Written by Melinda Sewak
“What do you want to be when you grow up?”
On the surface, it’s a seemingly innocent question – one that often spurs cutely costumed career days in elementary schools nationwide. But while this question emphasizes being, it actually implies doing – the correct answer rarely being “a good person” or “a reliable friend” but instead “a doctor” or “a teacher.” It may seem like a fun question to explore, but from a young age it sets us up to define ourselves by our future career. We imagine adulthood through the lens of a perfect calling rather than a lens of continuous self-discovery.
So, how do we undo this job-first mentality?
Well, let’s start by reframing it. Instead of asking yourself what you want to be when you grow up, ask yourself: who do I want to be when I grow up? What kind of person do I want to be? What problems do I want to solve?1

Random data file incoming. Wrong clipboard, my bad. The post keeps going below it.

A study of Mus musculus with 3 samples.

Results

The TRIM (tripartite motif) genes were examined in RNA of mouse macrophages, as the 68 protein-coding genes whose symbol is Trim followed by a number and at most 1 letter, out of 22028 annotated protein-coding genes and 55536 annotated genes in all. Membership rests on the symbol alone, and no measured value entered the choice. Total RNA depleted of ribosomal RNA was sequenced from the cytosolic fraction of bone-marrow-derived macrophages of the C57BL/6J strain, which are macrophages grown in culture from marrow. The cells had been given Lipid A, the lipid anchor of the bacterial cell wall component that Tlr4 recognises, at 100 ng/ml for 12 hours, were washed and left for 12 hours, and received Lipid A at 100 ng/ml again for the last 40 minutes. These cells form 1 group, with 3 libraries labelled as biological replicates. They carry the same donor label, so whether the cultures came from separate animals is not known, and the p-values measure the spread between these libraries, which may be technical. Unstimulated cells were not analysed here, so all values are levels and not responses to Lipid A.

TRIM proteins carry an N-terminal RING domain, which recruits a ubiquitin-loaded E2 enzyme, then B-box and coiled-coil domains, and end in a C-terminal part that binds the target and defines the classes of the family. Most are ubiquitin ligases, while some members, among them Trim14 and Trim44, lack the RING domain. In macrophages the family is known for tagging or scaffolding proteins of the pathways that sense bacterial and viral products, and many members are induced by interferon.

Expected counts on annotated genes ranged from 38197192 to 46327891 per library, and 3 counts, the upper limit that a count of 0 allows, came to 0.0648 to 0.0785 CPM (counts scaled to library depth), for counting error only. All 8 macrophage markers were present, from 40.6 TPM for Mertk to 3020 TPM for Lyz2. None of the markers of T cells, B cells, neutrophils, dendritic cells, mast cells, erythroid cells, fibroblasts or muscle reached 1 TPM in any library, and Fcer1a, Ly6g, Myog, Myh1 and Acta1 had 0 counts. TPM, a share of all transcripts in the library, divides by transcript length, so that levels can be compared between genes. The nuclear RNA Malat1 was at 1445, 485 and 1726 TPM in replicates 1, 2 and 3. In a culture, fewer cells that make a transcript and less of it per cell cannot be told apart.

The hard truth is this – your job isn’t always going to fulfill you.2 So when you define your desire by exploring your personal aspirations first – and job title second – you’re more likely to find joy in the work you do. More importantly, you give yourself room to change your mind and flexibility to shift – careers are rarely perfectly linear, after all.
Beyond just giving yourself permission to continue to evolve within the working world, this mentality also opens you up to all the career possibilities that are out there. Technology and industries evolve daily, so there’s just no way to know every opportunity that exists – or even what opportunities you yourself might create. Knowing how you want to move through the world can help you discover those new paths, giving you the chance to find joy in the discovery.
So – who do you want to be when you grow up?